The work (presented in the paper printed in this issue from pages 22 to 34) is derived from a Masters Dissertation undertaken at the University of the Witwatersrand, and facilitated by the CMA, that was aimed at investigating the performance of unidirectional idlers under different inclined conveyor belt operating conditions.
Up until now, very little work has been done in researching the performance of unidirectional idlers. As such, the CMA commissioned a
test rig to be used to measure the resistance to motion between an inclined belt and a set of idler rolls locked in place.
The experiments conducted on this rig varied a total of seven belt conveying factors in order to investigate the effects of these factors on the measured unidirectional idler resistive force. In order to plan and analyse the experiments, statistical Design Of Experiment (DOE) techniques were employed in the design of a series of experimental programmes.
Overall, it was found that material load, troughing angle and idler pitch have the most significant effect on the braking ability of unidirectional rollers.
Additionally it was identified that although contact friction affects unidirectional idler performance, the presence of non-friction resistances (such as belt sag) strongly influence resistive force at belt slip. Based on
these findings, a conservative numerical method for specifying the required quantity of unidirectional idler rolls was derived through the separation of friction and non-friction effects and the use of experimental data.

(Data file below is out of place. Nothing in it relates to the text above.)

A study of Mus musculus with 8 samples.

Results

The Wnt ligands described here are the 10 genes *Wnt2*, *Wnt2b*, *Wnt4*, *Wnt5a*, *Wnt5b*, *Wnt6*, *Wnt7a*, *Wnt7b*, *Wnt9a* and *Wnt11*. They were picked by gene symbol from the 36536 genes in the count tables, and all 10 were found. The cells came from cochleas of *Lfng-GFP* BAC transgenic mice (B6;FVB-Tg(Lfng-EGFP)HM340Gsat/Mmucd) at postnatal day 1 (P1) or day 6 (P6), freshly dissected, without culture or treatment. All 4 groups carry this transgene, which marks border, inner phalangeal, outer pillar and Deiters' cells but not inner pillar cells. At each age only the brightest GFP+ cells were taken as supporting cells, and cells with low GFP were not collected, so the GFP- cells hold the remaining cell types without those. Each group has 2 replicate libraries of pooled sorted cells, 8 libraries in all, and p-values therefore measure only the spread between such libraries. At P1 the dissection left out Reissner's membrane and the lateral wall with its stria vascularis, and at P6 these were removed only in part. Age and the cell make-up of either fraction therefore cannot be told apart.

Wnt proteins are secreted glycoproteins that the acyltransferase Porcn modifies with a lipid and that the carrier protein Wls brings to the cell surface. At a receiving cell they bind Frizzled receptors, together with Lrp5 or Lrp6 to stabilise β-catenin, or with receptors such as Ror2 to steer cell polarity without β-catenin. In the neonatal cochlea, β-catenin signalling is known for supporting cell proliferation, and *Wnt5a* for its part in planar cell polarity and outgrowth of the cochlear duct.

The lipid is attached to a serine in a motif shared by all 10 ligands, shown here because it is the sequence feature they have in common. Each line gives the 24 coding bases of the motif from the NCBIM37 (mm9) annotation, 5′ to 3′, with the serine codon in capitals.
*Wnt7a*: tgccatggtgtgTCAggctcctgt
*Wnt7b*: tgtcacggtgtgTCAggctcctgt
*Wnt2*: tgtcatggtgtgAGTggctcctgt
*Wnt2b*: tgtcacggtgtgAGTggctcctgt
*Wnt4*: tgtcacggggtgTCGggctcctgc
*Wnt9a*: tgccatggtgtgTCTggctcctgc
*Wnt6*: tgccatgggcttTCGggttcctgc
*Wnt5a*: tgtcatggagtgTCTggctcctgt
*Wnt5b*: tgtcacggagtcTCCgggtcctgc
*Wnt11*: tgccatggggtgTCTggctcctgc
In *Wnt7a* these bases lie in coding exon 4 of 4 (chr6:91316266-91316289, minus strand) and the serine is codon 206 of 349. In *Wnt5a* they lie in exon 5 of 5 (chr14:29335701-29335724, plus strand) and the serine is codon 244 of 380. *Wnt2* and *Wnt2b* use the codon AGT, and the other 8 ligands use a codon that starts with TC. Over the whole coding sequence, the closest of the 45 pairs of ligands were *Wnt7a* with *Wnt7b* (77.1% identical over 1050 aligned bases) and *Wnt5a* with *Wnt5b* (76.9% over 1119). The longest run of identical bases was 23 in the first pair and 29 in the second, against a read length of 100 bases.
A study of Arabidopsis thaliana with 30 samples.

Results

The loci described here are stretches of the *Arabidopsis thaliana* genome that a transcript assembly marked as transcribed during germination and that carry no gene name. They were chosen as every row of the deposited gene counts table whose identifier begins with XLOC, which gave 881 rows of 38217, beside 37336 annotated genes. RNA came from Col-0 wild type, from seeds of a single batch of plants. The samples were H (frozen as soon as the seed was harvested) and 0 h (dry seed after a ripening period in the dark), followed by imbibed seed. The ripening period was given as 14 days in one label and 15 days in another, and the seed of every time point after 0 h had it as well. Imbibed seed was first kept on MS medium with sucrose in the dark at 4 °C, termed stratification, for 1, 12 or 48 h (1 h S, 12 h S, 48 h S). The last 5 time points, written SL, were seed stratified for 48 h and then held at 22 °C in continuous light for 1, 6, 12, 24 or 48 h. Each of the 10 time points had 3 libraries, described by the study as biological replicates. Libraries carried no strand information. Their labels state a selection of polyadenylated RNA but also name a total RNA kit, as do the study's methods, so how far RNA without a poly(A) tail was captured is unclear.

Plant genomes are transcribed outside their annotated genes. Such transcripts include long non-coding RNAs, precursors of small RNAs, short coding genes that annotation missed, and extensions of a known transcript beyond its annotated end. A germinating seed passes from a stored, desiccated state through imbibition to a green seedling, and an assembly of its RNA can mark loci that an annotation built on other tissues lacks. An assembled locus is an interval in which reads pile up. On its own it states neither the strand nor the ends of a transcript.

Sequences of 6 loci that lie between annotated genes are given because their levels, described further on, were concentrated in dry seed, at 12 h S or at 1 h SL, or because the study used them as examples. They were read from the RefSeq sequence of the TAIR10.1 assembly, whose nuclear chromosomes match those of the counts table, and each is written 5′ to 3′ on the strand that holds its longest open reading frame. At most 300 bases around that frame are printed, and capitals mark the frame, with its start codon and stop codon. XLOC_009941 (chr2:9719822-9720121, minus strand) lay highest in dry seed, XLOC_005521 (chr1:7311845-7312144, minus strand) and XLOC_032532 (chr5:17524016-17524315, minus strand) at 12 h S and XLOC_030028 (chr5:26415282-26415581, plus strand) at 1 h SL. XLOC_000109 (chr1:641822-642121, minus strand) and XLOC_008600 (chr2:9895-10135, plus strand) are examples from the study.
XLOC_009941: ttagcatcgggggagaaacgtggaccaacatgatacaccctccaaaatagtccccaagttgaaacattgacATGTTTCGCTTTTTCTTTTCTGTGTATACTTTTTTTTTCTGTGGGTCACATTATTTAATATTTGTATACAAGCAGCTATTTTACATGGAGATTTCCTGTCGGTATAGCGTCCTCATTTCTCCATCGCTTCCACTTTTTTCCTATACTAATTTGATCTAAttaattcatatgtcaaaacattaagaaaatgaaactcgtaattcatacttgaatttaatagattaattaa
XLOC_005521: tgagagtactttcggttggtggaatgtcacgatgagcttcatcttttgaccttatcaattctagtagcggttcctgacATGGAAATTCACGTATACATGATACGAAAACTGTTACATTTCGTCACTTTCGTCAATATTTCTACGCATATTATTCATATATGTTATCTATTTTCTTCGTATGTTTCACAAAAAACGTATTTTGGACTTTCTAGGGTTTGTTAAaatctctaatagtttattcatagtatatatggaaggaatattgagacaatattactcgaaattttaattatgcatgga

Jay Pillay, Chairman
Acknowledgements from the authors
The authors would like to express their deepest appreciation to all of those who contributed to the research presented in this paper. Special thanks to Simon Curry and the team at Flexco for their support in every stage of this research venture – from the initial stages of planning and equipment design, right through to commissioning and experimentation.
Thanks also go to Dave Pitcher and everyone at Dunlop Belting Products for donating factory floor space for the UDR test rig and for the invaluable assistance of their maintenance team during commissioning and major experimental set-up changes, as well as for providing belt samples.
Furthermore, thanks go to Bosworth for the construction of the UDR test rig, as well as Melco, Lorbrand, Megaroller and Dymot for the donation of idler frames, rolls, steel ropes and sheaves. Special thanks also to Beverly Claasens who vetted the structural design of the test rig. Last, but certainly not least, a very big shout-out to the CMA for funding the project in its entirety.